Steven Spielberg is continuing his year of “firsts” in 2022.
The Academy Award-winning legendary director recently helmed his first music video for Marcus Mumford of Mumford & Sons and now is marking his Toronto International Film Festival debut with the premiere of his semi-autobiographical film “The Fabelmans.”
The 47th edition of TIFF will take place September 8-18.
Inspired by Spielberg’s own upbringing, the film is a deeply personal portrait of 20th Century American childhood rooted in a coming-of-age story about a young man’s discovery of a shattering family secret and an exploration of the power of movies to help us see the truth about each other and ourselves, per an official synopsis. “The Fabelmans” premieres in theaters November 11.
Michelle Williams stars as the mother, with Paul Dano as the father. Gabriel LaBelle portrays Sammy Fabelman, the lead character.
Seth Rogen plays Sammy’s uncle, with “Once Upon a Time in Hollywood” breakout Julia Butters as Anne Fabelman. David Lynch, Jeannie Berlin, Robin Bartlett, Keeley Karsten, and Judd Hirsch also star.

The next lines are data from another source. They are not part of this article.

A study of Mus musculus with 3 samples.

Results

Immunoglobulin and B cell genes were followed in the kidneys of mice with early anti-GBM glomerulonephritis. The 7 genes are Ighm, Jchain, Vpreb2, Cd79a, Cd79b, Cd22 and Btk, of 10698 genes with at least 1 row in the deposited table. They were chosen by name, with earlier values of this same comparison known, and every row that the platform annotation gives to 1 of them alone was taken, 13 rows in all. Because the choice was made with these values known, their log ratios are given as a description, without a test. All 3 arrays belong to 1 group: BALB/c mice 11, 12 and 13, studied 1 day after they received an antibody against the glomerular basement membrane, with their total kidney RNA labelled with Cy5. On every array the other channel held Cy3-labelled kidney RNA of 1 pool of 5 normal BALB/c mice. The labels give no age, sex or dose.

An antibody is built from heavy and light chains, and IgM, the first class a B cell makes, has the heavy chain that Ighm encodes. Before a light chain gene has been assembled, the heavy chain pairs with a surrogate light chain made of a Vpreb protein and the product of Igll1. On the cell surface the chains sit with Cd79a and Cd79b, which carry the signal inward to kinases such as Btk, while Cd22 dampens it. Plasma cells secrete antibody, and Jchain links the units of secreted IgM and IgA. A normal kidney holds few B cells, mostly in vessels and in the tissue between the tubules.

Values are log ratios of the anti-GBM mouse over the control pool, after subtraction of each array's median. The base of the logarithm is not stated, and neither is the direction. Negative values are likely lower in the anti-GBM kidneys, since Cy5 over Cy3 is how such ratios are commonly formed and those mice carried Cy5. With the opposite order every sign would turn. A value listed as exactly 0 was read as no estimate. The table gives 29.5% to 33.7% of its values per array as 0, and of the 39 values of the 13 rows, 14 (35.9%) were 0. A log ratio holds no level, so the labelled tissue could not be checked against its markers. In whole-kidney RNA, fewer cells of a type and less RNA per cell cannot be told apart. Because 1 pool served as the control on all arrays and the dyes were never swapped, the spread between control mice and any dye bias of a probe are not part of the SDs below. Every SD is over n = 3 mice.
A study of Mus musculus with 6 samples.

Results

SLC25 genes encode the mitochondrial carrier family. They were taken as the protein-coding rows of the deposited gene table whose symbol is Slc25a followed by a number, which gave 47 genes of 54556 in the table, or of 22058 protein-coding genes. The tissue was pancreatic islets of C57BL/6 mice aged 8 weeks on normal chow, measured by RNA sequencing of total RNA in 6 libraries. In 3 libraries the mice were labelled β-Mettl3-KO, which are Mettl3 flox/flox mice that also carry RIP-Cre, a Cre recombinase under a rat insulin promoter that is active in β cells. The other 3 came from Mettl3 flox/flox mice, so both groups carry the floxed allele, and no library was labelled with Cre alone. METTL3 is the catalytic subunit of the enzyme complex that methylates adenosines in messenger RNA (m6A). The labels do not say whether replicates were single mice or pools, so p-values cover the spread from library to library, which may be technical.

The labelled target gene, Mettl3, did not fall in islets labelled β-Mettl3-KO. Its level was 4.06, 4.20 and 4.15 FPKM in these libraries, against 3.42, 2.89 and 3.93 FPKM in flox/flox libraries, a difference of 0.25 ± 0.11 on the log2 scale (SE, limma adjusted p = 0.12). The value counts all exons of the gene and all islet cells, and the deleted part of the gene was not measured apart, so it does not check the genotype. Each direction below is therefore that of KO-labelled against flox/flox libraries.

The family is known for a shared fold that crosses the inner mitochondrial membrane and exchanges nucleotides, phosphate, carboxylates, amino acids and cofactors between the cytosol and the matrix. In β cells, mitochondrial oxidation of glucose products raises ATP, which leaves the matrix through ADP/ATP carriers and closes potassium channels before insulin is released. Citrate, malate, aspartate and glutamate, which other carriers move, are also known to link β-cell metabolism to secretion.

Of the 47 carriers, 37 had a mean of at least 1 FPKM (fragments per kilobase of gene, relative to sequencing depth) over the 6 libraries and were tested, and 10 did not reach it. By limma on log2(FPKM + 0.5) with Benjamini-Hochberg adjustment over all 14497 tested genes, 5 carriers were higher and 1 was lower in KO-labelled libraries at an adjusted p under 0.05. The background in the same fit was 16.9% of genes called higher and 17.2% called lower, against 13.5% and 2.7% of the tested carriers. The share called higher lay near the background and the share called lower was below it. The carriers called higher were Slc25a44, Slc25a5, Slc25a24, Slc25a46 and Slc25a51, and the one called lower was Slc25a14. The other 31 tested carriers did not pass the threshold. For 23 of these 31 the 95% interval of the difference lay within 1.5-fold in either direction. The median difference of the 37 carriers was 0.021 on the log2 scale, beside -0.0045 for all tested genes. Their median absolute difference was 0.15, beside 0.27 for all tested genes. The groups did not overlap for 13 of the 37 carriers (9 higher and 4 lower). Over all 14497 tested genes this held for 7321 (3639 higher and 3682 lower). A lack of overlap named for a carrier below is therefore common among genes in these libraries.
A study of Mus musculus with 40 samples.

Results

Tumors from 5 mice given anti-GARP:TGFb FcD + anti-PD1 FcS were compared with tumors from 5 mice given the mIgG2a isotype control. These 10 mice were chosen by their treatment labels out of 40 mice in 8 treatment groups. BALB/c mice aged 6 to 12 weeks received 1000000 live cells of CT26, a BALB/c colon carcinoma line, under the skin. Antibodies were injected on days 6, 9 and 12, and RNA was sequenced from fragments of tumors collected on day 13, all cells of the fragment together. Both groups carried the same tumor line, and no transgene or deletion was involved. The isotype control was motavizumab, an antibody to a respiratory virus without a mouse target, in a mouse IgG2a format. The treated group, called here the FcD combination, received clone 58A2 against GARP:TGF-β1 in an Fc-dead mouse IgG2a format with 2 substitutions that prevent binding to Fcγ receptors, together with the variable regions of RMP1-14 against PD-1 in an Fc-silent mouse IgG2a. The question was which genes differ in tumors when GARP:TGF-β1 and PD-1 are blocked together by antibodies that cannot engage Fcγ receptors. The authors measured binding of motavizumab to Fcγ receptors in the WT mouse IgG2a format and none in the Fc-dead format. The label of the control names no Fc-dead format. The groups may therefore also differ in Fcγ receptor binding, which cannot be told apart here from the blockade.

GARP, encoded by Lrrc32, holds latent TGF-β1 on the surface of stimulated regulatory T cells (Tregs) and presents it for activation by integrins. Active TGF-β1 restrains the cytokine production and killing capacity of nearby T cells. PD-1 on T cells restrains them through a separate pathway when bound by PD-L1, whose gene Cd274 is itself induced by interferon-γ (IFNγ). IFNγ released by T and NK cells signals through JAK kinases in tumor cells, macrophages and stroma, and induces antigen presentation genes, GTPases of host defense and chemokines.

Spielberg directs the film and co-wrote the script alongside Pulitzer Prize-winning playwright Tony Kushner (“Angels in America”), collaborating once more with Kushner after their Oscar-nominated screenplays for “Lincoln” and “Munich.”
“The Fabelmans” is produced by Kristie Macosko Krieger (“West Side Story,” “The Post”), Spielberg, and Kushner.
“West Side Story” cinematographer Janusz Kaminski told Deadline earlier this year that he and Spielberg “cried often” while making “The Fabelmans.”
“What’s special about ‘The Fabelmans’ is that he’s able to, as a filmmaker and an artist…be very honest about his background, very honest about his family, not sugarcoating this stuff and revealing part of himself that nobody really knows about,” Kaminski explained. “So, that’s the most courageous thing I found about making this movie, and it’s very, very emotional.”
Actor Dano shared with The Hollywood Reporter that playing a version of Spielberg’s father made “the stakes feel really high” on set.
“You’re embodying one of the most important, influential, complicated figures in [Spielberg’s] life,” Dano explained. “It was incredible to see how much of this was in his work the whole time. He’s sharing a piece of himself that I find very moving. There’s a real gift in it, when somebody of that stature and at that level of artistry is willing to do that.”